Red Wing Newsroom
To the Editor: On May 15, we were found guilty of trespass upon the property of Alliant Techsystems, the Minnesota weapons manufacturer headquartered in Eden Prairie until a recent move to the Washington, D.C., area. On Sept. 28, about 40 protesters, after completing their weekly Wednesday morning vigil outside company property, marched to the entrance where 12 attempted to deliver documents to the company president, including excerpts from Minnesota statutes describing the "Claim of Right" to trespass, the U.S.
To the Editor: Have you ever considered running for elected office? If so, don't hesitate to throw your hat in the ring -- filing opens May 22 through June 5. There are lots of Red Wing offices to choose from in 2012. City Council seats are open in Ward 1; Ward 2 and Wards 3/4. The mayor's position also will be on the ballot. If city office isn't your interest and education is, the Red Wing School District will have four board positions on the ballot.
To the Editor: What a wonderful story about the "Bird Lady of Frontenac" (R-E, May 5). Alice took me on a tour many years ago. She knew all the birds. They all want to live by Alice Tackaberry. Janice French Red Wing
To the Editor: I personally want to thank everyone who attended our recent informational meeting on a proposed new underground sand mine in Diamond Bluff and Oak Grove, and a sand processing and load out facility in Trenton; Pierce County, Wisconsin. We know that some people have concerns about sand mining, and we want to make sure that everyone has information to make decisions based on facts and science. Less than 10 acres of the 2,900-acre underground mine will involve above-ground activities.
To the Editor: There is the mistaken perception that issues relating to discrimination may be resolved thought the ballot box. At present that issue focuses on gay marriage. Numerous state bills, many proposing U.S. constitutional amendments, have been passed, the authors believing that discriminatory conduct can be ratified and have the effect of law if accomplished by a majority vote. If that were the case, civil rights legislation would have been overridden.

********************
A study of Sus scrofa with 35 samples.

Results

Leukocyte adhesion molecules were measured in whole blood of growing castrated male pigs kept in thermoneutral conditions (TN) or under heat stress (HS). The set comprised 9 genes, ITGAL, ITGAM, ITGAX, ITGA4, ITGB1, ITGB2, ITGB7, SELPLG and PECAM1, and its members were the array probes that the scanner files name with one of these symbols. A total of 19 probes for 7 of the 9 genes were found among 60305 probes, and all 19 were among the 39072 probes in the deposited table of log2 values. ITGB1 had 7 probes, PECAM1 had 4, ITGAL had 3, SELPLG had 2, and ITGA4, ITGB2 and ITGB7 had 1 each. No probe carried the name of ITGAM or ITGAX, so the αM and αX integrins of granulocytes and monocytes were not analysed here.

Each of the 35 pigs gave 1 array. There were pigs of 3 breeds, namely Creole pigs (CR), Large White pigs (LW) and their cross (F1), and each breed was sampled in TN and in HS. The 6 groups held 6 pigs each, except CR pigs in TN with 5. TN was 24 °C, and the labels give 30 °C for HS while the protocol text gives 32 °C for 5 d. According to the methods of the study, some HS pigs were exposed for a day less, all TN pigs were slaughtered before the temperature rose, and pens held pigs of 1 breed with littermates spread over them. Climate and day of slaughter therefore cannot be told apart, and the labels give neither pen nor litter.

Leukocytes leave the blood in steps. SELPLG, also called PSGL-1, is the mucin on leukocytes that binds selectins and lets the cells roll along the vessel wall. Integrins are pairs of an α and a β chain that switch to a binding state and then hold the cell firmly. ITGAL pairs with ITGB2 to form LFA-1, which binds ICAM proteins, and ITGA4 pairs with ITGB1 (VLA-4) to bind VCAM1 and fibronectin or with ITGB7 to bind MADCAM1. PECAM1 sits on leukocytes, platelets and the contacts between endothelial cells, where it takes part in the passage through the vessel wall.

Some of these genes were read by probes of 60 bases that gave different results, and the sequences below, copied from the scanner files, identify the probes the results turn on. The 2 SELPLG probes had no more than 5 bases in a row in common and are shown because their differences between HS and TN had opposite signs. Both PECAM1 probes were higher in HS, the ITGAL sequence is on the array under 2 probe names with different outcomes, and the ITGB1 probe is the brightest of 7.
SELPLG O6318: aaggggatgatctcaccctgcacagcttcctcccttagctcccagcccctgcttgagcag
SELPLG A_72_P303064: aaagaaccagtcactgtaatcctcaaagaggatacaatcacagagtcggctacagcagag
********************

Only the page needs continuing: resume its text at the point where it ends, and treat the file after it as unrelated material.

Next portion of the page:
To the Editor: At the May 1 Port Authority meeting, the public received information about the Little River Bulkhead being used as a silica sand transfer point for barge traffic. Silica sand would be trucked from Wisconsin to the bulkhead at a rate of 75 trucks a day, each truck containing 20 tons of silica sand. The industry would have us believe that this product is as safe as the sand in a sandbox.
To the Editor: On Tuesday April 10, Minnesota State College-Southeast Technical campus held its scholarship banquet at the Red Wing campus. One hundred thirteen students were awarded scholarships totaling $116,000 that evening. Many students spoke about the importance of financial aid in assisting them in achieving their educational goals. Having attended these banquets, I continue to be impressed with the stories of hardship and hard work and wondered what more we as a community can do to support the students and campus that provides skilled work force to our communities.
To the Editor: New Beginnings Family Services -- now doing business as First Choice Clinic -- is a pregnancy resource center that has helped me in many great ways. I first heard about its Threads of Hope program in 2008 after having had two miscarriages. After the second one, I slipped into depression, feeling broken as a woman and as though I had done something to make their loss happen. It was then I decided to go through their program.
To the Editor: Water pollution is never a pretty picture. It's always something floating around that ruins swimming, fishing, or even drinking. Fortunately, the Minnesota Pollution Control Agency is finally coming to grips with some of the major pollutants in the Mississippi River. One pollutant that we can all recognize is called "total suspended solids." Total suspended solids or TSS are the fine particles of soil, leaves, and algae that cloud the river and are filling in Lake Pepin.